Some have argued that there aren't any good arguments for believing in God. Is belief in God just an act of faith without reason? Plenty of philosophers would disagree.
What is it
Worship is the feeling or expression of reverence and adoration for something. The attitude of worship towards God or gods or ancestors is a universal of human culture. But why do we worship? Do objects of worship need to fulfill certain criteria? Does worship play a positive or negative role in human culture? Is it clear that a perfect, omnipotent and omniscient God truly wants to be worshipped? Some pagan religions worship the earth, or the aspects of nature that make human life possible and rewarding. Does this make more sense than worshipping an imperfect God? The Philosophers express their reverence with Daniel Speak from Loyola Marymount University.
John and Ken start off the show by trying to figure out what they are talking about: what is worship? They see whether the dictionary can help them out, but decide that it doesn’t really know either: it says we worship deities, and then lists examples of non-deities, like ancestors. John and Ken explore some of the other possibilities for worshipped objects besides deities, consider whether those objects are always deified in the process of being worshipped, and, if not, what makes them worship-worthy.
With the help of their guest Daniel Speak, John and Ken explore other ways to help out the dictionary’s lacking definition. They star by questioning whether worship is a feeling or an action. Daniel holds that it is more of an action than a feeling, though it is not just an action, and gives his philosophically considered definition of worship. Ken and John come back to the question of what makes an object of worship worthy of worship: it seems that someone or something’s sheer might does not make it right to worship him, her, or it. Perhaps the object of worship needs to be good as well. But even then, aren’t there some limits to what a worshipper should have to go through in worshipping? Why must the worshipper worship – and not just, for instance, acknowledge that the good thing is good? Daniel considers whether the worshipper-worshipped relationship needs to two-sided, and if so, what the repercussions are for non-agents that are worshipped, like the earth.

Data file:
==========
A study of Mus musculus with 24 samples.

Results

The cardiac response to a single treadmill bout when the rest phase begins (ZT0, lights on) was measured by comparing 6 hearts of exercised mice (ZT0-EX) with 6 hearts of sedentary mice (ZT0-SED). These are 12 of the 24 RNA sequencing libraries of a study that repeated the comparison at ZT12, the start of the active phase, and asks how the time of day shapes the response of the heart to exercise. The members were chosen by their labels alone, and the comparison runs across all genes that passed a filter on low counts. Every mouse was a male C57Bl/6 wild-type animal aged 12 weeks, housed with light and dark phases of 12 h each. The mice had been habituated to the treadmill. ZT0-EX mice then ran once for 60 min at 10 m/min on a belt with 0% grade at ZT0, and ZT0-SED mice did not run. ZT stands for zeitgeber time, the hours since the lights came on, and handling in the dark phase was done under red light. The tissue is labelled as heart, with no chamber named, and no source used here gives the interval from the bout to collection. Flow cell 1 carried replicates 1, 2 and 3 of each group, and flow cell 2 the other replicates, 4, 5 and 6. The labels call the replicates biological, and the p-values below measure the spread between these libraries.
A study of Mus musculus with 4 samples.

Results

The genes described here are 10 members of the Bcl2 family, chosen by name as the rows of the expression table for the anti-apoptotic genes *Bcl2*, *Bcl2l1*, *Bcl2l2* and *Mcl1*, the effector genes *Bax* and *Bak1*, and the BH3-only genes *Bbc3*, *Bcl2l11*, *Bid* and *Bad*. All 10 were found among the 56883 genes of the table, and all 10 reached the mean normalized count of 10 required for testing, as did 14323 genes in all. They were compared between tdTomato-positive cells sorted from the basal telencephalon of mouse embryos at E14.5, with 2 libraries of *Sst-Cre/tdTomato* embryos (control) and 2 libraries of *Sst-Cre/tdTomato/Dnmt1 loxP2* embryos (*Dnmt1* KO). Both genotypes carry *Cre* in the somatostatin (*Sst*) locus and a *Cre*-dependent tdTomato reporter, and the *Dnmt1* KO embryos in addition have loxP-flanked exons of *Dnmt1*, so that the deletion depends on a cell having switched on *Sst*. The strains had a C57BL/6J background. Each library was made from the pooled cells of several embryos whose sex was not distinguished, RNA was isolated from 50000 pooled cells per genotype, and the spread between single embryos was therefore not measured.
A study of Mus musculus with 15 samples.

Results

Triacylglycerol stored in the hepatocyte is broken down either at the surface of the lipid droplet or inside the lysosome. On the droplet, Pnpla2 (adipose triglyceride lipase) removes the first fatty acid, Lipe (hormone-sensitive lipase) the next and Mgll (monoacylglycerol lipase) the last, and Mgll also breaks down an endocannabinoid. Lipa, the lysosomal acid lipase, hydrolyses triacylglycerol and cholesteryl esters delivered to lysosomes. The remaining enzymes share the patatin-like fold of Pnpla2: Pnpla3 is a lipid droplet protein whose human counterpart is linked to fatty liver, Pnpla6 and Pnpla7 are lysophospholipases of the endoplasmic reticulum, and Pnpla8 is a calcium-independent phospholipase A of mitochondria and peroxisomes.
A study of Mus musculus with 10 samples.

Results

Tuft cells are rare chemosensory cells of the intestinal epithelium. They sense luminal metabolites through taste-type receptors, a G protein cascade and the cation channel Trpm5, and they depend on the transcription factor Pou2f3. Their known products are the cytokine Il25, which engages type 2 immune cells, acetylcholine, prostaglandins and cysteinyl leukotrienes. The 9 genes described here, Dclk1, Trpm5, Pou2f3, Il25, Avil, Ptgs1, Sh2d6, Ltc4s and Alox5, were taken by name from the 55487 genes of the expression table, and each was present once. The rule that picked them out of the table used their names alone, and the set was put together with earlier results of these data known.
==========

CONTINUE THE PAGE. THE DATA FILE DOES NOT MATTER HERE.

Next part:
John and Ken get a caller that brings them back to the limits of right worshipping, given the fact that worshipping one thing often leads to villainizing its opposite. They explore the tension between worshipping whole-heartedly and not putting the worshipped object above questioning. They delve into the importance of the autonomy of the worshipper. Daniel reminds John and Ken of his point that worshiper-worshipped relationship seems to need to be two sided, and, in particular, that in such a two-sided relationship, the worshipped object can ‘give back’ the worshipper the autonomy he submitted in worshipping.
John and Ken finish off by considering cultism, worship of the earth, and mysticism. How does the dynamic between sheer awe, moral obligation, and two-sidedness relate to non-personal objects of worship? A caller suggests that some of the tensions can be resolved by turning to mysticism.
Roving Philosophical Report (seek to 5:35): Julie Napolin talks to Archbishop FranzoKing, who pastors a church in San Francisco that finds its inspirational motivation in the music of John Coltrane
- Sixty-Second Philosopher (seek to 50): Ian Schoales explores on the tension between entertainment and reverence in worship. He reports on the Catholic Church’s effort to balance reverence with celebration, and how those relate to ‘entertainment’, kum bay yah and warm fuzzies.